On those 90+ degree days when our slick press-and-curls would shrink into Afros just from sitting down, my grandmother shooed us out of her little red and white house to keep us cool.

None of the homes on the block in Hollis, Queens had air-conditioning so on the most sweltering of days, the street was lined with moms, grandmoms, and aunties sitting in lawn chairs holding tiny cigarettes in one hand and glasses of sweet tea — or Budweiser — in the other. They gossiped. Played numbers all while waving church fans. They stayed outside all day long. Only getting up to take the clothes off the line, finish the dinners they started in the morning before the sun started to blaze, or to shower us with the lawn sprinklers.

The coronavirus has brought me back to this simpler time. On one hand, we’ve relied on technology — Zoom calls, shopping on Amazon, and streaming services — to stay connected, and to stock up our pantries. But at the same time, our gardens are blooming, and we’ve gotten used to cooking at home. Still, The Universe continues to challenge our comfort zone in 2020. We’ve been blanketed by a heat wave for the better part of the last two weeks. Never mind that the safest way to socialize is outside.

Sigh.

So as I think about how air-conditioned restaurants and movie theaters are a no-go this year, I’m reminded how my grandmother conquered the summer outside. She had less of a choice than we do. Little Johnnye Elizabeth grew up in Georgetown, Texas, in a shotgun house that wasn’t air conditioned. Sharecropping didn’t stop in the heat. The AME church she attended wasn’t air conditioned. The movie theaters and department stores in town were air conditioned, but owners didn’t take too kindly to Black people, so dipping in to escape the Texas heat was out. This was, after all, the Jim Crow South. So when my grandmother moved to New York in the late 1940s, with the millions of Black people who fled to northern cities during the Great Black Migration, her bones told her how to stay cool outside during a New York heat wave.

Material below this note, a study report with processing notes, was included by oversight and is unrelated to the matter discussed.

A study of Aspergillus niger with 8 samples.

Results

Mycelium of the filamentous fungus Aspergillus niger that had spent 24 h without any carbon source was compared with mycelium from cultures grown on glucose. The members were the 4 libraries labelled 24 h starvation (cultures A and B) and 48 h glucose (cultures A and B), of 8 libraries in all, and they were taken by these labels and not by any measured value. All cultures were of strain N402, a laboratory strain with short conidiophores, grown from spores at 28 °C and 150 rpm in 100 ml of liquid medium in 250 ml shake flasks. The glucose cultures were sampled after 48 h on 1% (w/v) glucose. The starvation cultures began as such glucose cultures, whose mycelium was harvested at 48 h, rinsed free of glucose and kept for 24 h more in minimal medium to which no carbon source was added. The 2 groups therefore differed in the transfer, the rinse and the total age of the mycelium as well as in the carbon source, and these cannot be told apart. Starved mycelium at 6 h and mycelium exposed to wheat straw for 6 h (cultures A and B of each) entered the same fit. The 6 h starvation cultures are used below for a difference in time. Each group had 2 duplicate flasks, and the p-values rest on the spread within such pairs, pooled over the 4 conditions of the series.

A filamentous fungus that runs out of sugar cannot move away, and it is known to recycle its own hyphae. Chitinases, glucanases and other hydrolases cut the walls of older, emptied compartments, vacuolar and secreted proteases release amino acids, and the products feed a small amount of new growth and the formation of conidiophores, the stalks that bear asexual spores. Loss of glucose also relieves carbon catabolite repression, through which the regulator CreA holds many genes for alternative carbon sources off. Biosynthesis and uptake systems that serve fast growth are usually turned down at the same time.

I’m not alone when it comes to thinking about my ancestors this summer.

“My grandma had a glider on the porch,” said Monna Morton, 61, an artist who grew up in West Philadelphia, and now lives in Overbrook. Morton is the cocurator of The Colored Girls Museum’s Washer Woman Room, a multimedia exhibit inspired by Black women who provided for their families by washing clothes and keeping house. That kind of work was backbreaking year-round, especially in the summer when the heat was unrelenting. Growing up, Morton remembers her grandmother’s advice in the heat. “But when it was hot, she wouldn’t let us rock [in] the glider because we would cool off faster, she said, if we just sat still.”

Denys Davis, 65, Morton’s cocurator, who lives in Wynnefield, remembers sitting under the awning on her grandmother’s deck. There was a cross breeze on the deck and that is where she gardened. It was hot out there, but it never really felt hot.”

My grandmother’s Southern ways stayed with her especially when the heat that day threatened to be oppressive. She rose before dawn to wash clothes, sweep, and get most of the day’s cooking done. She kept the blinds closed so the broiling sun wouldn’t make her hardwood floors, “too damned hot to walk on.” She only wore cotton house dresses because only a fool would wear “head-to-toe black like Johnny Cash,” one of her favorite entertainers. And although she loved a statement ring, she took off all of her jewelry.

My grandmother’s Southern ways stayed with her especially when the heat that day threatened to be oppressive.
Cynthia Greer
My grandmother’s Southern ways stayed with her especially when the heat that day threatened to be oppressive.

When she wasn’t fanning herself with an old magazine or a church fan, my grandmother was handing out Dixie cups of ice cream or plastic mugs of sweet lemonade to those of us who jumped rope on her block. Opening up the fire hydrants was not allowed. (Only kids that had no class did that, she said.) Sometimes she’d wash our hair, part it in sections, plait it and let it air dry. The hot air cooling our necks as it hit our damp hair. Only in the summertime could you get the hair to become bone dry. That makes for a smooth press the next day. Mama carried a damp cloth with her at all times, too. Perfect for calming down an overheated child.

But shade was the key. City kids, she said, didn’t spend enough time under the shade of an oak tree just letting our minds wander. Sprawling trees — especially when it was so hot the devil stayed in hell to keep cool — were the perfect refuge. Here is where you thanked the Lord for your blessings, thought about dreams for tomorrow, and shared dreams with friends. Advice we can take today, as long as we stay six feet apart.